At Seattle Public Schools HQ downtown: The district proposal to reopen Boren as an “option” elementary school drew fire from 3 board members, including West Seattle’s newly elected rep Marty McLaren. She says she will propose an amendment to remove that from the plan. Two other board members said they had been ‘flooded’ with mail from West Seattleites saying they want a new neighborhood school instead.
This came after district managers admitted a new option school next year likely wouldn’t draw enough from any single school to avoid having to plan for adding portables, saying they thought they would still need the same projected amount of homerooms at the existing elementaries, so they are proceeding with planning for portables and then waiting to check numbers after “open enrollment.” They said they hadn’t proposed a new neighborhood school in the short run because they want to hold off on boundary redrawing as much as possible until the BEX IV levy – to raise more than half a billion dollars to build new schools, among other things – is mapped out.
Board president Michael DeBell warned the other members that trying to appease any one group of constituents creates issues for others. “More to come on this,” as DeBell put it. A vote is scheduled in two weeks – amended or not. We’ll be following up before then. (Our previous report on a staff briefing about the originally proposed Boren-plus-portables-elsewhere is here.)
ADDED: The issue of overcrowding at Chief Sealth International High School came up too; while not part of the “Short-Term Capacity Management Plan,” it surfaced as Sealth staffers spoke during the public-comment period at the start of the meeting, discussing their petition asking the district for more portables (previously reported here). We recorded their remarks on video:
With the remodel a few years back, they lost nine portables and gained five classrooms, but with the student population rising by 400 in the past few years, that wasn’t enough, they said. (As we reported earlier in the day, district administrators say they are considering one portable for Sealth for next year, but won’t make a decision till later this winter.)
ALSO OF NOTE FROM THE MEETING: A lot of hot topics, which is why it didn’t adjourn till 10:45 pm. Transportation guidelines for next school year were approved in the late going; the presentation included a chart of “civil twilight,” so the district can figure out how to make sure its youngest students aren’t walking to or from bus stops in the dark. The only West Seattle mention was the fact that Denny and Sealth are legally required to stagger their start times, so any forthcoming bell-time adjustments would have to work around that fact. … Then there was the issue of rules for schools to get waivers if they want to use instructional material that is not standard-issue, with notable examples including Schmitz Park Elementary‘s use of “Singapore math” (and the resulting achievements). … The board authorized a superintendent search, though some members told interim Supt. Dr. Susan Enfield they are hoping she reconsiders her decision not to seek the permanent job. And one more item:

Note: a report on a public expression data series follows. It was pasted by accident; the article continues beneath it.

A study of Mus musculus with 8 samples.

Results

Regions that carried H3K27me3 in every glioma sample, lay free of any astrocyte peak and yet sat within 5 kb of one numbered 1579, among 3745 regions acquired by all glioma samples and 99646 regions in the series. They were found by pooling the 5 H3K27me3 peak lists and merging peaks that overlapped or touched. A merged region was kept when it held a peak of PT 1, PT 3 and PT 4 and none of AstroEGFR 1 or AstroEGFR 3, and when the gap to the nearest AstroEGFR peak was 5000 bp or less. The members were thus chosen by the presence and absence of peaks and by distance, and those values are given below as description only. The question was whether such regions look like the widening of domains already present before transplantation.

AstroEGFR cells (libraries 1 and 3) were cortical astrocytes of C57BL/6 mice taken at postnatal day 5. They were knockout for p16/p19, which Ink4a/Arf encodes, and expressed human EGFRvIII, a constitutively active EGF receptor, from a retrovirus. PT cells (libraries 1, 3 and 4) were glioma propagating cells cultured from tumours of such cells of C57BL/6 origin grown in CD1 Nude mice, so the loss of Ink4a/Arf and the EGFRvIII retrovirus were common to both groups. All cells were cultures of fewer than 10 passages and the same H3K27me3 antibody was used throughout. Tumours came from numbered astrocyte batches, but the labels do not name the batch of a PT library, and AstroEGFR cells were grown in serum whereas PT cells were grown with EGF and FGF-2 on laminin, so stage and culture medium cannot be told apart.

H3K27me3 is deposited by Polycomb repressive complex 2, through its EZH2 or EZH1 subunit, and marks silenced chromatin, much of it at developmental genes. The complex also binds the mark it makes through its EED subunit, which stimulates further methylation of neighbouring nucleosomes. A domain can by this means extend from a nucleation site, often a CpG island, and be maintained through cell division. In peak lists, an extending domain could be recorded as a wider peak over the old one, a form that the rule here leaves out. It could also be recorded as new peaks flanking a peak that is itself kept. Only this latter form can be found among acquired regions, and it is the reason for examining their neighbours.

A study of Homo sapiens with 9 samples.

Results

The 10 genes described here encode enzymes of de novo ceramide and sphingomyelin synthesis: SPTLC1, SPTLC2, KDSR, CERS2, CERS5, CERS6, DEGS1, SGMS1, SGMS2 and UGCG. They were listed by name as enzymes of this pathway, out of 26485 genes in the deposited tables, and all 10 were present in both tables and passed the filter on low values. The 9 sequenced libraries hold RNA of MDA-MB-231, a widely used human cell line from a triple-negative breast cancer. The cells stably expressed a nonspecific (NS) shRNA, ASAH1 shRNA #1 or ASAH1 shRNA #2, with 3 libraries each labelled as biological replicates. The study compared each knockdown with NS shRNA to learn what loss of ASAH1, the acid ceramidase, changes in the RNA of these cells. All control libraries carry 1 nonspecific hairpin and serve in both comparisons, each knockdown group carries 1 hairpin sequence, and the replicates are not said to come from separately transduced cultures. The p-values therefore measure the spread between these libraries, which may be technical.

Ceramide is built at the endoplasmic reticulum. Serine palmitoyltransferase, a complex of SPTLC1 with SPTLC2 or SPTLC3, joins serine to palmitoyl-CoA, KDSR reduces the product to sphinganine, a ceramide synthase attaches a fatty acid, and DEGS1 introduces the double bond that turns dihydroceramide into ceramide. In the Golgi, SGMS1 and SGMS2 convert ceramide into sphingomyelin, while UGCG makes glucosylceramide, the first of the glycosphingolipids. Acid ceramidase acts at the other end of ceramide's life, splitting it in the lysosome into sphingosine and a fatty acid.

SURVEY ON ‘SCHOOL DISTRICT LEADERSHIP AND PRIORITIES’: We attended a briefing on this right after the capacity-management-plan briefing this morning. The PowerPoint with toplines is here. Among the research findings – Dr. Enfield had a 65 percent favorable rating from staff, 56 percent from teachers. In other groups, views were more “neutral” – they didn’t know her well enough – than unfavorable. The survey showed an almost-universally positive level of “satisfaction with quality of education” – 73 percent among families, 66 percent among the general public. In terms of “essential qualities of the superintendent” – now that the district is launching a search – “local knowledge” rated the lowest. The highest, after “leadership to staff,” was “education background” – notable since the district has had two superintendents in the not-too-distant past whose backgrounds were elsewhere.